Sometimes cameras just get in the way. I think many long-time travelers have a willing acceptance of this, but for someone whose world vision streams from her brain through her lens and back again, this is begrudgingly acknowledged. Yet it’s simple enough to pack the camera away and soak in the moment, composing and taking shots in my mind, because whether the camera is in front of my face or inside my head, I will always see life in frames.
Each shot develops and comes to being within my cerebral darkroom and I hold it there for a moment, treasuring the scene even after it races past me on the street.
But the disappointing thing about the pictures I take with my mind’s eye (and why I begrudge putting the real thing away) is that all too often, they fade, leaving me with blurry colors and vague feelings. In Cambodia, these fading images became instantly and desperately more valuable, when a partially backed up camera card with over 900 pictures I had actually taken, went missing. Though I anxiously cling to the internal film inside my head, I can already feel its quality waning, the edges crumbling, the sharpness becoming more and more unfocused.
So rather than let it diminish, I wanted to try and share with you a picture that I never took through imagery instead. My 1000 words for the absent shot.
My friend Asia and I were in the small, riverside town of Kratie in Cambodia and had unlocked the secret Lonely Planet code which is that whenever the guidebook says a town is “lethargic” or that “life moves slowly…like a boat being paddled against the flow on the Mekong” what it means is that it’s so fucking hot here that no one can do anything but lay in a sticky puddle of their own misery. So the exploration portion of our trip grinded to a ‘lethargic’ halt and we had reverted to slinking back and forth between our room and the common room of our guesthouse, amusing ourselves by guessing which fan was less effective and watching buttons spontaneously pop off my fake-brand shorts I had bought in a Phnom Penh market.
But thankfully around sunset, the heat began to mercifully wane, and so we ventured out and rented two bicycles for $1 each to bike along the Mekong as the red-orange sun melted into the hazy sky. We pedaled along the main asphalt road until it turned away from the river. A dirt path took its place next to the Mekong and despite seeing no other vehicles or people on it, we followed it as it disappeared into the trees.
The exhaust of the city faded away as we entered into another world of red dirt and green trees, of slated brown houses with thatched roofs and doorways that disappeared into darkness with curious faces that peeked out. But those faces didn’t stay in the darkness. As we pedaled by, almost every house had someone lean out and yell, “Hello!”
Men, standing in groups, would turn and give us a warm hello. Women would yell out hello and then blush and giggle as we turned to respond. Old people would watch, amused, as their grandchildren shrieked in delight with our arrival. And the children…oh the children….they wiggled in excitement and cried out their hellos again and again, from doorways and from porches, from the laps of their parents and from the middle of games with their friends. We were the parade come to town.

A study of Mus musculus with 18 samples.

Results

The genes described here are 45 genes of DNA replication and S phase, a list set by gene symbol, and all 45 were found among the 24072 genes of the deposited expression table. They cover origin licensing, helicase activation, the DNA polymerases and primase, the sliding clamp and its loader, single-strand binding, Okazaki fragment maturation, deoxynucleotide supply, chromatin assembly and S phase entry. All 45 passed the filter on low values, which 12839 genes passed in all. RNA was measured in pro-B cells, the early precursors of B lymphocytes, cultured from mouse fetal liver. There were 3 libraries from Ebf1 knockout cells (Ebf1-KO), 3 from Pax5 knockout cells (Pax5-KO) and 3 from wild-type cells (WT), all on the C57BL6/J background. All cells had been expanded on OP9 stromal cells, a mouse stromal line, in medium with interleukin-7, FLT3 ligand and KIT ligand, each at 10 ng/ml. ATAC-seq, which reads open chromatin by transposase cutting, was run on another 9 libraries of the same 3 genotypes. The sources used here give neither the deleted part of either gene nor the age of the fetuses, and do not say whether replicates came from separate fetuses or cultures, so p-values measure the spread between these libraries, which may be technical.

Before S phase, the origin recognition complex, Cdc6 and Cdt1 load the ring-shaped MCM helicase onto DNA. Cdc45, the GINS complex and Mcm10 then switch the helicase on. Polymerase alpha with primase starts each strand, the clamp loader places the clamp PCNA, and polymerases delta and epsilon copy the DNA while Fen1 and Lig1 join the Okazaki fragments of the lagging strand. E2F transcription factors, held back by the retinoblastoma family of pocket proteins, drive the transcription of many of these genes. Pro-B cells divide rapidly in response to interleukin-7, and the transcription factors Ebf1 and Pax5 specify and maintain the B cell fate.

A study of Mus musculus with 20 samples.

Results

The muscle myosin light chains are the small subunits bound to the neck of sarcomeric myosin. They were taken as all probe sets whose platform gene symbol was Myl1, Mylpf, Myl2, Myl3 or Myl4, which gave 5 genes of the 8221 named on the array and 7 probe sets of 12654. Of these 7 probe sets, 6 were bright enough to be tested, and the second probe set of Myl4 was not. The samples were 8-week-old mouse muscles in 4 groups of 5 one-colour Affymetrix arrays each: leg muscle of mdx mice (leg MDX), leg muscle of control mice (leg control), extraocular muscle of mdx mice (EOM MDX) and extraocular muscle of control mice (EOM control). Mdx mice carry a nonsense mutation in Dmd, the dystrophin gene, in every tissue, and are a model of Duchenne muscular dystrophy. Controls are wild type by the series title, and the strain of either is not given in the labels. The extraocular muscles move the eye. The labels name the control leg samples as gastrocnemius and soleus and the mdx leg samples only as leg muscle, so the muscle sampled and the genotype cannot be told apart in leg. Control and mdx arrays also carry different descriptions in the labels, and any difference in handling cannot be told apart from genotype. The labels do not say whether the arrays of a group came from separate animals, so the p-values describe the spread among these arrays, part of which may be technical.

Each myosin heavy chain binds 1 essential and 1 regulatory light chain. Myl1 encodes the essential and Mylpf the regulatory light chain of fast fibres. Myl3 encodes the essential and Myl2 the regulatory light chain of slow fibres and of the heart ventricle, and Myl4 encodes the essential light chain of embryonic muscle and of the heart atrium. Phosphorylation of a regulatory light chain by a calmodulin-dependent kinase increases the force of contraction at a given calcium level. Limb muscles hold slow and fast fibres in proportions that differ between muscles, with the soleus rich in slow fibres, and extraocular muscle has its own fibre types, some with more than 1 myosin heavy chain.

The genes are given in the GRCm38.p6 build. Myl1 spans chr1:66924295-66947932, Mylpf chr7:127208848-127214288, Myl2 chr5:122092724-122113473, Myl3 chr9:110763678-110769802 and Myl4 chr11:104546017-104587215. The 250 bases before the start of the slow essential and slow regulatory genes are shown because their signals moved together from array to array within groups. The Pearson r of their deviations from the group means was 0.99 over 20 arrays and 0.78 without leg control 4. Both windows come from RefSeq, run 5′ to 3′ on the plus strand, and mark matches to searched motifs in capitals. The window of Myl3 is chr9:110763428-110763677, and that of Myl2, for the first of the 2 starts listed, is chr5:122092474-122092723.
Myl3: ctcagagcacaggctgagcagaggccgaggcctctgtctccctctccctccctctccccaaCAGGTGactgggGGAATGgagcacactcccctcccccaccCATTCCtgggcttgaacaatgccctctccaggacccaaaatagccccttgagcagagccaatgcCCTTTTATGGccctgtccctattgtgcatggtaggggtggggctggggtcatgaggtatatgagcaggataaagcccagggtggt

Asia and I knew for sure this was a little village road less travelled as several men laughed upon seeing us and yelled out to us incredulously, ‘Where are you going?!” We would smile and shrug our shoulders and Asia would yell back, “This way!” to which the men would laugh some more. We biked past colourful strutting roosters and curious stray dogs, past big cows tied to feeders full of hay, ambivalent to us weaving around them. We (carefully) pedaled through crowds of tiny chicks and their mothers and past elevated pig stys, full of their grunting occupants. At one point, we came across a giant volleyball net strung across the path with about 15 men playing. We sheepishly smiled at them and said our hellos and apologies as they parted for us and we pedaled under the net.
When we weren’t being greeted by bemused locals, the air hung thick and still around us, echoing the sounds of leaves in the breeze and the slow whir of our bike pedals. All was peace and calm.
A little further down our route, a thick group of small children blocked the path, so we dismounted and approached them slowly. As they noticed us, they started shrieking with excitement and as soon as we got close enough, every single one of them grabbed for some part of us. They clutched at our clothes, ran their fingers along our skin, held on to our bicycles. One older girl grabbed me and held my hand with hers, while her other hand ran up and down the length of my arm, absorbing my texture with her fingertips.
They looked up at me with large eyes. Not the brimming, desperate eyes of the too many Cambodian children who beg for your generosity, but the shining, curious eyes of a child who has discovered something new and exhilarating in the world. They laughed and squealed and grasped; my hands and arms tingled with the blessings of tiny fingers.
But we couldn’t stay long. It was almost nightfall and we had to find our way back by the main road. We delicately disentangled ourselves from the group as the orange sky turned into a milky purple.
“Good bye! Good bye!” we cried out, slowly pedaling away.
And the children ran along, yelling with delight and waving, following us, two Pied Pipers on bicycles down the dusty path.